It’s the day after the 2013 Super Bowl, and this advertising gadfly isn’t going to give you an in-between turnovers play-by-play.
A book I haven’t read yet – Pitchfork’s Eric Harvey interviews the author:
The Sounds of Capitalism
Author and musicologist Timothy Taylor on his new book, which analyzes the relationship between popular music and consumer culture.
If you’ve ever attended my song ‘n dance, it’s full of advertising history. And I’ve written (along with many others) about the positive and negative impact of music in commercials:
03 October 2005
Invoking "The Sixties": Fidelity Financial vs. Ameriprise
09 December 2005
… Do advertisers benefit from invoking the past willy-nilly? When those tunes come on, am I really paying attention? Or do they send me off into the ether, conjuring up all sorts of bizarre and moldy feelings, images, remembrances?
By the time I float back, the spot is over.
07 April 2006
Ameriprise vs. Fidelity Financial Redux
"In-A-Gadda-Da-Vida" is being used to get aging hippies to invest for retirement. It's in a Fidelity commercial. Define irony. I strongly doubt that when a circle of stoned 19-year-olds were passing around a joint with Iron Butterfly on the turntable in 1969, they were weighing wealth-preservation versus growth as they considered the most prudent mix of stocks, bonds and other equity instruments …
11 April 2006
"In-A-Gadda-Da-Vida" is in a class by itself. Hear it and a veteran of the '60s might think water bong, not 401(k) rollovers.
19 February 2007
Food fights, Balloons and Dancing Gorillas
“Every time I swear I'll never again be shocked or saddened by a TV commercial ruining a treasured rock anthem, another proves me wrong.”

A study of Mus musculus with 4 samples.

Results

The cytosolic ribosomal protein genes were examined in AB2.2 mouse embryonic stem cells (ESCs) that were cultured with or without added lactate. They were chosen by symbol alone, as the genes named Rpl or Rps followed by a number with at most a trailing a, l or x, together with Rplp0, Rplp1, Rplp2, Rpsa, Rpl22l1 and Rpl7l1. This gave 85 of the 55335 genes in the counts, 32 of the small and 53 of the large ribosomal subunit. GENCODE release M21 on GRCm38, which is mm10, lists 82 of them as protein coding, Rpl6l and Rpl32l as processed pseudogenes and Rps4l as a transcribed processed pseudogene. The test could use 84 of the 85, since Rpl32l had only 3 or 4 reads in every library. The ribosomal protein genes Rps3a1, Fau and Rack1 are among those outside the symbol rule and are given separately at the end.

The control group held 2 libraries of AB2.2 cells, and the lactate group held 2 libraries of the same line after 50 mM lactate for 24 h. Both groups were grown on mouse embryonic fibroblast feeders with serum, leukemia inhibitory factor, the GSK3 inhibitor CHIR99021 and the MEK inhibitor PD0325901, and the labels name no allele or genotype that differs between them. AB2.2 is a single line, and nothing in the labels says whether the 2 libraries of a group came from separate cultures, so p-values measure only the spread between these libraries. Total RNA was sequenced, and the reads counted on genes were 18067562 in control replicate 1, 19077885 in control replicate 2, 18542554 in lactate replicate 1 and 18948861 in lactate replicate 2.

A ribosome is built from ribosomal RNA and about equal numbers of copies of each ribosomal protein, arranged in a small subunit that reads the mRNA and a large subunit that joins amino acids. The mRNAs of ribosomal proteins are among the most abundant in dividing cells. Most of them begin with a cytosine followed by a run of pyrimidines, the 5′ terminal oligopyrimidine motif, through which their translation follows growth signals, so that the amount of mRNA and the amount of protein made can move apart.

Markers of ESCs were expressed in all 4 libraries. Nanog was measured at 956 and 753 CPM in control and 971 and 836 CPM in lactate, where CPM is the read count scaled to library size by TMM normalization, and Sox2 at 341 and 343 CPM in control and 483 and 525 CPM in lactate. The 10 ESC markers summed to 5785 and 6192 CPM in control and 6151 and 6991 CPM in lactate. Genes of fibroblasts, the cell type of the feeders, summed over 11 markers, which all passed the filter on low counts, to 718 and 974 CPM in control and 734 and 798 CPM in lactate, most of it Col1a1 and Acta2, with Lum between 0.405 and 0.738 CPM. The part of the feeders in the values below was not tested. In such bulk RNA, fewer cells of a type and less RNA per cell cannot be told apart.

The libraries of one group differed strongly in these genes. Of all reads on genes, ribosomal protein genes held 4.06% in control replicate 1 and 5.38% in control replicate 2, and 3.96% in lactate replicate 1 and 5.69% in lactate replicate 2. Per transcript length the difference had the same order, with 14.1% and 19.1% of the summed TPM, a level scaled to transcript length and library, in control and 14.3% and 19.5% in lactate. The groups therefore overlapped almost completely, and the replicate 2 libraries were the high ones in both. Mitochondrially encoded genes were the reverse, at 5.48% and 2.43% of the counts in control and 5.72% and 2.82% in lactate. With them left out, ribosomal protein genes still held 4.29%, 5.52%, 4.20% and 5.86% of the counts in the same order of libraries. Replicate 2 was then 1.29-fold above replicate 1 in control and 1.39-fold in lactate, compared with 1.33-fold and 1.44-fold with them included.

Timothy Taylor explains it all – or a big chunk of it:
Pitchfork: This felt like the first time that a lot of people, including the Beatles, got angry with a brand for co-opting the music of their youth.
TT: Yeah, the surviving Beatles sued them, but they didn’t really have any grounds on which to sue them because they didn’t own the copyright on their own music anymore-- they had sold it off to Michael Jackson’s company. But they still didn’t like it. Nike said they weren’t going to let that sway them, but they eventually stopped running ads with that music in there, I assume because of the bad press that they got.
This is interesting (to a doddering guy like me):
TT: … If you’re a struggling band (today), it’s less about record sales and it’s more about placement in commercials and film and TV.
So thirty or forty years from now, when you hear an old song from your teenage years, it’ll bring back fond memories of an iPhone commercial.
One reference to The Super Bowl:
Don’t think anything’s new. Before The Clydesdales (actually The Clydesdales were around back then), before the web – there was interactive advertising.
The music in the video is a sing-a-long. If you don’t know what a sing-a-long is, it’s sort of like Karaoke.
Read about Timothy Taylor’s The Sounds of Capitalism and listen to oodles of music from advertisements over the last one-hundred plus years.